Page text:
Farmer Focus: I see both sides, but Welsh NVZ is wrong

At the time of writing, spring has certainly arrived, with the sound of the curlew, grass growing well and the first of newborn lambs on the ground (albeit the mistakes before we properly start).

We have recently sold 17- to 18-month-old Charolais store cattle at two local markets.

We were pleased with an average of £1,100 a head, especially since these cattle have spent the entire winter grazing brassicas outside.

The only time this group received any concentrates was for a week to quiet them down ready for their pre-movement bovine TB test.

For us, this must be the way forward in raising store cattle, as the cost of production is considerably lowered. We will be planting more brassicas again this year. 

About the author

Joe Mault
Livestock Farmer Focus writer
Joe Mault and his family run 850 commercial ewes and 60 suckler cows across 155ha (380 acres) near Corwen, north Wales. The farm produces Beltex and Charollais prime lambs and Charolais-cross store cattle and Joe also works at a local college.
Read more articles by Joe Mault

With the high prices of fertiliser, we have tried other methods of getting nitrogen into our grazing land.

We have spread our manures wisely, but this will not replace chemical fertiliser as suggested by government ministers. We will look further at incorporating more clovers in grass leys.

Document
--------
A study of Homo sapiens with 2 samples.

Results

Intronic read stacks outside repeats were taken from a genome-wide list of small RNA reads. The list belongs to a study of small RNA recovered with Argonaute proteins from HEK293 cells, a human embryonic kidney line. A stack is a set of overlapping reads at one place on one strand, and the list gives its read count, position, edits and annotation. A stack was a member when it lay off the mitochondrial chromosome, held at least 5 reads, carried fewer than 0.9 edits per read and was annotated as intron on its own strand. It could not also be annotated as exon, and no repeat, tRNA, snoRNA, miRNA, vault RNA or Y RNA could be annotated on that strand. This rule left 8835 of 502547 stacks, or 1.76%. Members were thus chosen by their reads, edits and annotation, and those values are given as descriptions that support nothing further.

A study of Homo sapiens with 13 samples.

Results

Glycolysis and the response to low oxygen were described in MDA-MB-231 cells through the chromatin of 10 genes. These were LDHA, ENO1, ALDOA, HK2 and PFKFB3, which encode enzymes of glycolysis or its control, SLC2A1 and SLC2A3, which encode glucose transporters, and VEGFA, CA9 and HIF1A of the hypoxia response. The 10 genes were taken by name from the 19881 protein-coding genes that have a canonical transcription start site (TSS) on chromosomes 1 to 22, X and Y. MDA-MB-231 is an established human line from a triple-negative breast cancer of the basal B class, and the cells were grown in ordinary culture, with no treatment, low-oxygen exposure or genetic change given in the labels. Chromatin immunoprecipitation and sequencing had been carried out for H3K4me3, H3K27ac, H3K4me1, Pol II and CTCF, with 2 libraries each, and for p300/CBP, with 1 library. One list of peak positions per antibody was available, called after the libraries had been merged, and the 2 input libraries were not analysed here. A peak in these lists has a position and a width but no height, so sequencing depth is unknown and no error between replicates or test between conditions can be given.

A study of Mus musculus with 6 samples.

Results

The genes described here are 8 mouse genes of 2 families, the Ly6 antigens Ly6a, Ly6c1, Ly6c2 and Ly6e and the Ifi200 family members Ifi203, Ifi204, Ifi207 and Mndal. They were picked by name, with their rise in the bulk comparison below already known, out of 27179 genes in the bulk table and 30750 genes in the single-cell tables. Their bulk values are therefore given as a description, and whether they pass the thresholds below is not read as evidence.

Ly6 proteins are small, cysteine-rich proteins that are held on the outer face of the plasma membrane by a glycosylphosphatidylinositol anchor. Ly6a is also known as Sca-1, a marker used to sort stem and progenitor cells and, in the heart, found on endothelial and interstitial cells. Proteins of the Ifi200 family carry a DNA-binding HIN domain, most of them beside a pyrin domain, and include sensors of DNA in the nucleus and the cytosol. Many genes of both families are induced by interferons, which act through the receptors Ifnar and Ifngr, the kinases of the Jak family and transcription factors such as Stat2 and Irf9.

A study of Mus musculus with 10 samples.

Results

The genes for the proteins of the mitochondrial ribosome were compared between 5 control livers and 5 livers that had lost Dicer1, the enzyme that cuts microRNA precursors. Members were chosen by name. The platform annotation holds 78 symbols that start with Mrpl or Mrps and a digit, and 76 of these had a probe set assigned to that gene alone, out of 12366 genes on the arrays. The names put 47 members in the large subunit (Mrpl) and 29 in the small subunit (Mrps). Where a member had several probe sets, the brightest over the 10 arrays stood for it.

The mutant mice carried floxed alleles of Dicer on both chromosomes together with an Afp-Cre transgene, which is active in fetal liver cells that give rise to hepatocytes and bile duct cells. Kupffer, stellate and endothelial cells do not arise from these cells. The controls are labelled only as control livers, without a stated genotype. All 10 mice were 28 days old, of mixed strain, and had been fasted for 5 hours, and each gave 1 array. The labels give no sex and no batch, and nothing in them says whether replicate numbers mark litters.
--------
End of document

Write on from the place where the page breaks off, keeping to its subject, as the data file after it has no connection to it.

See also: Farmers ‘betrayed’ after all-Wales NVZ vote is defeated

With a combination of manure and clover we don’t expect to reach the same levels of nitrogen from bagged fertiliser, but we hope it will lessen the burden of our reliance on it.

One burden we now must live with, though, is the Welsh government’s version of nitrate vulnerable zone rules after NFU Cymru recently lost its legal challenge to the law being introduced.

Being a former employee of both NFU Cymru and the Environment Agency, I can see both sides to the argument about why something needs to be done about water pollution.

But I would point out that the rules that have been introduced are completely unnecessary.

The Welsh government’s aim is reducing the risk of water pollution. However, in my view, the new laws will make the situation worse.

What I find more frustrating is that the previous rules available to the regulator were sufficient to prosecute anyone who deliberately polluted the environment.

However, the regulator is underfunded and under-resourced, and now there is another set of rules to implement.

Maybe it would have been more worthwhile for the Welsh government to fully resource its regulator before introducing further burden to it, and, of course, Welsh farmers.